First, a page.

Wednesday, June 03, 2009

Recipe for Love

In our gardens we house twenty-seven lovely rose bushes-- and while we enjoy their beauty outside very much, it also means happiness that these beauties need to be trimmed and loved to keep shining their glory.

Roses mean Love in all sorts of grand ways to many people-- the Victorians were quite serious about their Language of Flowers... Floriography.

In folklore and Herbal Craft, roses have long been used in love mixtures, owing to the flower's associations with the emotions. Rosewater is added to love baths. A rosewater saturated cloth laid to the temples will relieve headache pain. Rose petals sprinkled around the house calm personal stress and household upheavals. Roses planted in the garden attract faeries, and are said to grow best when stolen*.

Our gardens at the moment are bursting with these beauties, so what to do, except to bring their magic indoors?

A Recipe for Love, then.
Red roses symbolize love and respect.
Burgandy means simple pleasures.

Orange and Coral - Desire.

Versicolor - Mirthfulness

Lavender (also called Blue) - Sweet thoughts, gentility, grace, and majesty.

Pale Pink and Peach - Friendship

Pink - Appreciation and Gratitude

Yellow - Friendship and Joy

White - Reverence

For these purposes, we'll make ours mainly for a lovely room and linen spray.

We choose to cut roses is in the morning when they're well rested and not over-heated.
We collect ones that are their fullest, but that haven't started to deteriorate, yet.
We put the petals in a strainer with large holes and rinse them.To make sure we stay in good standing with Mama Nature, we do this outside with a gentle shower to rinse off any insects so they might go back to the ground.

Today we pressed as many petals as we could into a large jar
and then poured over them boiling water, stirring to release the air among the petals.

The lid gets screwed on tight, and we let the rosewater sit for twenty-four hours.

When it's done, we strain it.
This recipe will only keep for two weeks on the shelf before it starts to ferment, and a little longer if refrigerated.
(Lisa at 5 Orange Potatoes has posted two other rosewater recipes that are more involved and will keep for longer.)

Nothing makes a tidy space feel special like fresh cut flowers... and then a spray about the house with rose magic.

Connecting with The Magic Onions for
Friday's Nature Table on June 24, 2011

This rosewater recipe comes from A Victorian Grimoire by Patricia Telesco

*This paragraph is information taken from Cunningham's Encyclopedia of Magical Herbs.


  1. Your entire yard must smell heavenly.

    Iread somewhere - can't remember where now - that rosewater used to be used in recipes where vanilla is used now.

  2. Oh how I love roses and miss having them! Yours are beautiful. :)

  3. I have family coming this weekend and I think I'll spray their sheets with rose water. Thanks for the idea. You have beautiful roses in your garden!!!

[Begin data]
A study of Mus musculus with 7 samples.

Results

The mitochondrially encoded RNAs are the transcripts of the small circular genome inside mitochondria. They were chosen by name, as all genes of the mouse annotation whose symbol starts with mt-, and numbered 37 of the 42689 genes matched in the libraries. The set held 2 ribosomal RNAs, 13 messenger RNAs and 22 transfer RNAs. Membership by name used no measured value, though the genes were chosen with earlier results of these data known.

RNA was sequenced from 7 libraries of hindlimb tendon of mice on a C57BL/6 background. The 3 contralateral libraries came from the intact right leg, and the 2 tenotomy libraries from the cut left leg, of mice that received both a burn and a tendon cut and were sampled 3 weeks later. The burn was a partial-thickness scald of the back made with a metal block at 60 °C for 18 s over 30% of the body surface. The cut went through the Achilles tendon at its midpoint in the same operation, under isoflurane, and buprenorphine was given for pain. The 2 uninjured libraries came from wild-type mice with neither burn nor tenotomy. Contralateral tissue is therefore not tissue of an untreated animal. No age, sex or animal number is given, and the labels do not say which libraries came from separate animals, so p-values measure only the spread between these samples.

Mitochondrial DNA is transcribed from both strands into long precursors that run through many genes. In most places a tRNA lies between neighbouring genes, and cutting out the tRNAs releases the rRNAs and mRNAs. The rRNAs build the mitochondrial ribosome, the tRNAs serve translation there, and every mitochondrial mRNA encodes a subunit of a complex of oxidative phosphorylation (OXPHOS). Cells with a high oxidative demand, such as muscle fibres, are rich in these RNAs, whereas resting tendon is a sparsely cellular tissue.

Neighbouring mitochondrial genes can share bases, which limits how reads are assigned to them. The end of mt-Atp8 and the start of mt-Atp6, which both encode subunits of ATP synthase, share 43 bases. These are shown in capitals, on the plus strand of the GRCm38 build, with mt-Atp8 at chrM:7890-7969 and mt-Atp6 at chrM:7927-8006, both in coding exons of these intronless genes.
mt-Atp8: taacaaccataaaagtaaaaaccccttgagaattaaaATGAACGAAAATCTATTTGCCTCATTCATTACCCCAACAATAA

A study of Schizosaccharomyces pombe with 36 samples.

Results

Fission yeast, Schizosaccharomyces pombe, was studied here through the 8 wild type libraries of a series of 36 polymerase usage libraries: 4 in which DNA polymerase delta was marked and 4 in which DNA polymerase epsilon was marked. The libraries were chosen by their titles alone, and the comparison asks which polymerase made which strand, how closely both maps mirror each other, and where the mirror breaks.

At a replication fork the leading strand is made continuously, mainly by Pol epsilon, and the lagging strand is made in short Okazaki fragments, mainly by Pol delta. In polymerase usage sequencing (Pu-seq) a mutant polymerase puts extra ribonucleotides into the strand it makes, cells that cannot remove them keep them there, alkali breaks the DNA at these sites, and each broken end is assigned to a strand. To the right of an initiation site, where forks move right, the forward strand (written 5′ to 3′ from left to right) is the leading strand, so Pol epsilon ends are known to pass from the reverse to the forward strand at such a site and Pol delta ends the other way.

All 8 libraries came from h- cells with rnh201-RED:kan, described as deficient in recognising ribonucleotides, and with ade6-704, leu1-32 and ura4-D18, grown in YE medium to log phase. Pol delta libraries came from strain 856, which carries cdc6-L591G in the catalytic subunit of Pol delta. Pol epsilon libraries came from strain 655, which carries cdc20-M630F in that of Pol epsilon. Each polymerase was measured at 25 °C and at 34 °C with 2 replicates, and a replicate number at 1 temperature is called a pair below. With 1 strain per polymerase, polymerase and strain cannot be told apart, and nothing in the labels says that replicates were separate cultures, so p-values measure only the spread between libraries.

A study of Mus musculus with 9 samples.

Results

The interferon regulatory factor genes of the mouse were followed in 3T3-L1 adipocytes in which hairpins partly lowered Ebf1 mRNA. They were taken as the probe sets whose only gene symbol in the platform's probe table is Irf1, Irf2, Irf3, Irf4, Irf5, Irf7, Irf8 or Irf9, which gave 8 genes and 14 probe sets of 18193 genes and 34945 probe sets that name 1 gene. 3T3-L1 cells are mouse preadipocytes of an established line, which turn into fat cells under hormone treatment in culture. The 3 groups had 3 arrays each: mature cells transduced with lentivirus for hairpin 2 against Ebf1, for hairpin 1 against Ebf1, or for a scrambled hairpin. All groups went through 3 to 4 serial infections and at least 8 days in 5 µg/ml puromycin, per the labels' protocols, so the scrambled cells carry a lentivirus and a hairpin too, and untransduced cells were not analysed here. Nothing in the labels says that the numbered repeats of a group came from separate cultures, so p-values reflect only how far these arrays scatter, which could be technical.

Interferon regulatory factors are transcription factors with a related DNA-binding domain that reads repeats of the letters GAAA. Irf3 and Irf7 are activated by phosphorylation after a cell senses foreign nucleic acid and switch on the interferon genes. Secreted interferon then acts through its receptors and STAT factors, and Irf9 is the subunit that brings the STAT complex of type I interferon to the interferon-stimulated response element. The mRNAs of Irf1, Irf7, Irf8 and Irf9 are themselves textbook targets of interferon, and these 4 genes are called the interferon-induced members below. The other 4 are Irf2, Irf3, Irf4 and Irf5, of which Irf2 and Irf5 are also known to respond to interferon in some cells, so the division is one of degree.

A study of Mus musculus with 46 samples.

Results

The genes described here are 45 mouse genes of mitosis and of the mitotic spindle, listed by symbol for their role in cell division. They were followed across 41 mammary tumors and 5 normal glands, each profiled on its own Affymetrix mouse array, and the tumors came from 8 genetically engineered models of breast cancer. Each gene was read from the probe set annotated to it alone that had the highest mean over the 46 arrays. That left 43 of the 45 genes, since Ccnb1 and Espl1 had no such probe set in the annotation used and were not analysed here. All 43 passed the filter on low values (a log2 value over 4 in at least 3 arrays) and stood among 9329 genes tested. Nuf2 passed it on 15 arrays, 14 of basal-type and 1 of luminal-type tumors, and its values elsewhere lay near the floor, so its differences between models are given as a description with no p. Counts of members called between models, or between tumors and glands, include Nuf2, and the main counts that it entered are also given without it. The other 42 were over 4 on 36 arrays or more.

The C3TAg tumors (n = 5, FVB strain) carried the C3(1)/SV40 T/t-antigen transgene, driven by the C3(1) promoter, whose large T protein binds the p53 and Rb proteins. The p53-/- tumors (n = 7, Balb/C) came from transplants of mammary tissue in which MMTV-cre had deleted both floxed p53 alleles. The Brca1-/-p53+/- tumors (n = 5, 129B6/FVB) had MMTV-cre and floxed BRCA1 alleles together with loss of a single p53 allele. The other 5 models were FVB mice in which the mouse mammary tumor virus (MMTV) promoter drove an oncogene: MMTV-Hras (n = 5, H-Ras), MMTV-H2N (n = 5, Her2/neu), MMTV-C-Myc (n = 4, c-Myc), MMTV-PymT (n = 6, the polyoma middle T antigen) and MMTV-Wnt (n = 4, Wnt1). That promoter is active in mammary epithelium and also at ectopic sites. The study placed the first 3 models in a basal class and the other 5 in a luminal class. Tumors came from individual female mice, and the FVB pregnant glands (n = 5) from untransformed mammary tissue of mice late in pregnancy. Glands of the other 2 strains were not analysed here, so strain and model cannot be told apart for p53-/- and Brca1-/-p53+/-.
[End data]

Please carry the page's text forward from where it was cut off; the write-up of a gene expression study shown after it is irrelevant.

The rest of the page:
4. what an awesome and inspiring post. So beautiful.

  5. Your roses are absolutely breathtaking, the colors are so gorgeous! I can imagine they smell divine! Roses are about the one flower I have never tried my hand at growing, this surely inspires me to. I love what you a making with the petals! Yum! : )

  6. I've never been a big fan of cut roses in the flower shops, I'm more of a wildflower kind of gal, but the more I get into gardening, I can't help but love their exquisiteness.

    Of course your photos are lovely as always, and even though I doubt I'll ever plant roses (besides the climbing one we already have), I love admiring yours:)

    Great ideas on utilizing them for sure, I've always loved the smell of rosewater.

  7. What Beautiful roses! I learned some new roses and their meanings today.

  8. Well I sure learned a lot this morning already! Your pictures are lovely and everything seems so exquisite and peaceful at the same time. I had no idea that was how rose water was made. :)

  9. Absolutely beautiful!
    Can you believe we only have one rose? Hmmmmm....

  10. Your roses are spectacular.

    It's funny because the meanings of different flowers came up last night as I was watching Cranford -
    a young suitor picks and sends anemones to a young woman - symbolizing steadfast love.

  11. Wow, look at all those lovely roses! How lovely must your yard be!

  12. Lordisa, that's a lot of rose bushes.

    I've kept rose petals from every bouquet I've ever been given in the last ten years. My grand plan has not been revealed to me yet. I figure soaps, candles, paper... handy to have around for crafting with the kiddos, at any rate.

    Beautiful photos.

  13. Beautiful roses Stephanie! Another great way to make the lovely scented water fit for queens (and us humble folk)! Thanks for the link.

    Lisa :)

  14. hi! I write a column for my local newspaper and would LOVE to use this recipe for an uncoming mathers day article. Would that be okay? I would give you and your blog credit.

    Beth engelman

  15. I've been meaning to make rosewater with my daughter. Thanks for the recipe!


Thanks so much for sharing your thoughts!